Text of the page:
Understanding Temporary Protected Status (TPS)
The Immigration Act of 1990 first introduced the concept of Temporary Protected Status (TPS). TPS is granted to immigrants who are physically present in the United States and who are unable to safely return to their home country because of ongoing armed conflicts (such as civil war); environmental disasters (such as earthquakes, hurricanes, or epidemics); or other extraordinary and temporary conditions. Temporary protected status is rarely granted and only in extreme situations. The current situation in Nigeria, for example, does not seem to meet the threshold for Department of Homeland Security to grant TPS. The 2010 earthquake in Haiti, however, resulted in USCIS granting all Haitians in the United States TPS in 2011. Further, the recent situation in South Sudan also lead to TPS designation.
Beneficiaries of temporary protected status may remain in the United States and obtain work and travel authorization; however, TPS does not lead to permanent resident status—i.e. green card—and may be terminated at any time, thus reverting individuals back to their previous immigration status.
In order, to be eligible individuals must:
- Be a national of the designated country;
- File during open registration period;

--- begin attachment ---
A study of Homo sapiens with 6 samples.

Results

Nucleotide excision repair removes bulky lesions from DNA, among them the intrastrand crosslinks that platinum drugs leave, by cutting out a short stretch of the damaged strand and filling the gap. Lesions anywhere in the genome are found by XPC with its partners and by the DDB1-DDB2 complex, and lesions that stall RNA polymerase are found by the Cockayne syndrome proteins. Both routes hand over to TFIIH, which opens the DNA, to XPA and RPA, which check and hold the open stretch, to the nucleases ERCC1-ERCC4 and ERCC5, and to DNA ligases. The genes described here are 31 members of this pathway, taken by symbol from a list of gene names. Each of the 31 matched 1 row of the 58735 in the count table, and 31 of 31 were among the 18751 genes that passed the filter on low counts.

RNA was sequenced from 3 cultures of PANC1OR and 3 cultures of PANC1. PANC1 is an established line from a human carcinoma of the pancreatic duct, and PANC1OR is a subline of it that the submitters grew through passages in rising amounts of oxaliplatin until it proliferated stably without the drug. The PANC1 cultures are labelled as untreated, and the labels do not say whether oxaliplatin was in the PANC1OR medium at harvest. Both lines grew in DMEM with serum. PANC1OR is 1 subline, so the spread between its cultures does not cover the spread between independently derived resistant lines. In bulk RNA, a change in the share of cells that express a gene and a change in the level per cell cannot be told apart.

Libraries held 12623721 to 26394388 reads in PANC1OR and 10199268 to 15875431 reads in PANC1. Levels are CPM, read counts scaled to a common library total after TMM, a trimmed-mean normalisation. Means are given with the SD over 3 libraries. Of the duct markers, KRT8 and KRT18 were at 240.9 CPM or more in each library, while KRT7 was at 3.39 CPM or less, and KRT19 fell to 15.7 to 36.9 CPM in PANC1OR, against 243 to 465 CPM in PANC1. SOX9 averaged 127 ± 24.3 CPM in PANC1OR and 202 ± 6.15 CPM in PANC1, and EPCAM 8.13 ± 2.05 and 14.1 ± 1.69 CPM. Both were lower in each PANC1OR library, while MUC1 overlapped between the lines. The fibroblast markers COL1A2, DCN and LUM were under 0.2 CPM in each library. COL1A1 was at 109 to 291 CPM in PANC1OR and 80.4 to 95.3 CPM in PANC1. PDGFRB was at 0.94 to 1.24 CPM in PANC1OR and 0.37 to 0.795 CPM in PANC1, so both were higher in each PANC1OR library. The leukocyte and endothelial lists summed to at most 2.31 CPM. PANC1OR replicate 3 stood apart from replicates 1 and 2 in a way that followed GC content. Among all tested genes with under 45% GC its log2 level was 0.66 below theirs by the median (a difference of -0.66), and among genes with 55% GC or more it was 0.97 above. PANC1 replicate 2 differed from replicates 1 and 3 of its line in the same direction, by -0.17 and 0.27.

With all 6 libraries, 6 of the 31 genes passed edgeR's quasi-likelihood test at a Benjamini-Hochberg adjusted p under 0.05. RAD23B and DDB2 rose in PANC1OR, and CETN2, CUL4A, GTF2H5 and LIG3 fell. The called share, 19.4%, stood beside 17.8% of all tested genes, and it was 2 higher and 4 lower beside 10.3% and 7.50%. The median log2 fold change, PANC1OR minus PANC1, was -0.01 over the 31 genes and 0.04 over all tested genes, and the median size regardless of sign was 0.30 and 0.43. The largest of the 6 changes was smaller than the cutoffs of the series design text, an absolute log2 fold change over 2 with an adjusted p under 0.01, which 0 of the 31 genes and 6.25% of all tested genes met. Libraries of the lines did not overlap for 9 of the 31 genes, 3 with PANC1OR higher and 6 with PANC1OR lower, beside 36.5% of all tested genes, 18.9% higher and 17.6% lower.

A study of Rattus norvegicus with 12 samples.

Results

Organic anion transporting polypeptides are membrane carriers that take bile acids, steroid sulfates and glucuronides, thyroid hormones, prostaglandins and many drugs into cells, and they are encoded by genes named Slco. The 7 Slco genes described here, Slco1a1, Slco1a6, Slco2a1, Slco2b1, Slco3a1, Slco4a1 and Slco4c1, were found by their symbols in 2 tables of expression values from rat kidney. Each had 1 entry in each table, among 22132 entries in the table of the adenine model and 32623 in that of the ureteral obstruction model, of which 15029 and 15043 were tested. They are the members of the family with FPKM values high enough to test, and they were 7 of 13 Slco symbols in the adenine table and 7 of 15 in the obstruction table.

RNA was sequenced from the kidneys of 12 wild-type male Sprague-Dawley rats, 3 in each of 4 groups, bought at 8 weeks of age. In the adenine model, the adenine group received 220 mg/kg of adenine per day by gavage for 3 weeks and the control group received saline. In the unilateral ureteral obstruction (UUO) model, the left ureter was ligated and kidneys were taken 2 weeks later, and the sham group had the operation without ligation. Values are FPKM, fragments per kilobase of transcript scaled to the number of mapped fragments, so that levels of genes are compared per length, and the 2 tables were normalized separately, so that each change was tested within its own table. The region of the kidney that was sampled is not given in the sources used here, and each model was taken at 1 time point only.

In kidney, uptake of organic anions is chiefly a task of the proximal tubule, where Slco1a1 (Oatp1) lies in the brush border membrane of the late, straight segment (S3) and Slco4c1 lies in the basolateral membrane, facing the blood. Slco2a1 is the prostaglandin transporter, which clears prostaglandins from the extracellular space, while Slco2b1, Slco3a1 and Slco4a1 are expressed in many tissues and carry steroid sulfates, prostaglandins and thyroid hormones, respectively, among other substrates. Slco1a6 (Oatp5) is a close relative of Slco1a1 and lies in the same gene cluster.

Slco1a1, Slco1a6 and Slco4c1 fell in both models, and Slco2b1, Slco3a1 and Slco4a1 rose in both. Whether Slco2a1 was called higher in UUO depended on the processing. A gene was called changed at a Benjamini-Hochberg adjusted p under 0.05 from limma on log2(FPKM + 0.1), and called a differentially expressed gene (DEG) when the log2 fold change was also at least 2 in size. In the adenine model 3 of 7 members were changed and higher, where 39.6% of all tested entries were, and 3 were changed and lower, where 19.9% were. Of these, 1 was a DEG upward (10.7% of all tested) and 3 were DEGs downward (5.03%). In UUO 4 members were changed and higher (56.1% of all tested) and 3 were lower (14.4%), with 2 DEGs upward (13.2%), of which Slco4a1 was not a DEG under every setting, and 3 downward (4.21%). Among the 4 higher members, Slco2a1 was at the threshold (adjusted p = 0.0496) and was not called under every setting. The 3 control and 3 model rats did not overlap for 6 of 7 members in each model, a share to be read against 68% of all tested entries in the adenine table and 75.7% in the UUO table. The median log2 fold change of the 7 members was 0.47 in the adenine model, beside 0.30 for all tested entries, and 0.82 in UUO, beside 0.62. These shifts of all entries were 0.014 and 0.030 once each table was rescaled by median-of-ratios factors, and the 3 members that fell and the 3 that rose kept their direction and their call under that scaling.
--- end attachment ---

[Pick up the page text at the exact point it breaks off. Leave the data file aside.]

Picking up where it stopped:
- And have been continuously physically present (CPP) and have been continuously residing (CR) in the United States since the date specified for the designated country.
You may NOT be eligible for TPS or maintain your existing TPS if you:
- Have been convicted of any felony or two or more misdemeanors committed in the United States;
- Are found inadmissible as an immigrant under applicable grounds in INA section 212(a), including non-waivable criminal and security-related grounds;
- Are subject to any of the mandatory bars to asylum. These include, but are not limited to, participating in the persecution of another individual or engaging in or inciting terrorist activity;
- Fail to meet the continuous physical presence and continuous residence in the United States requirements;
- Fail to meet initial or late initial TPS registration requirements; or
- If granted TPS, you fail to re-register for TPS, as required (typically every 18 months), without good cause.
Individuals from the following TPS countries are eligible for TPS designation as long as they meet these eligibility requirements:
- El Salvador
- South Sudan
The application process is as follows: (1) you must first file your petition; (2) USCIS will contact you upon receipt of your application; (3) you must then go to the Application Support Center; (4) USCIS will determine your work eligibility and adjudicate your application; (5) and finally, your application will either be approved or denied.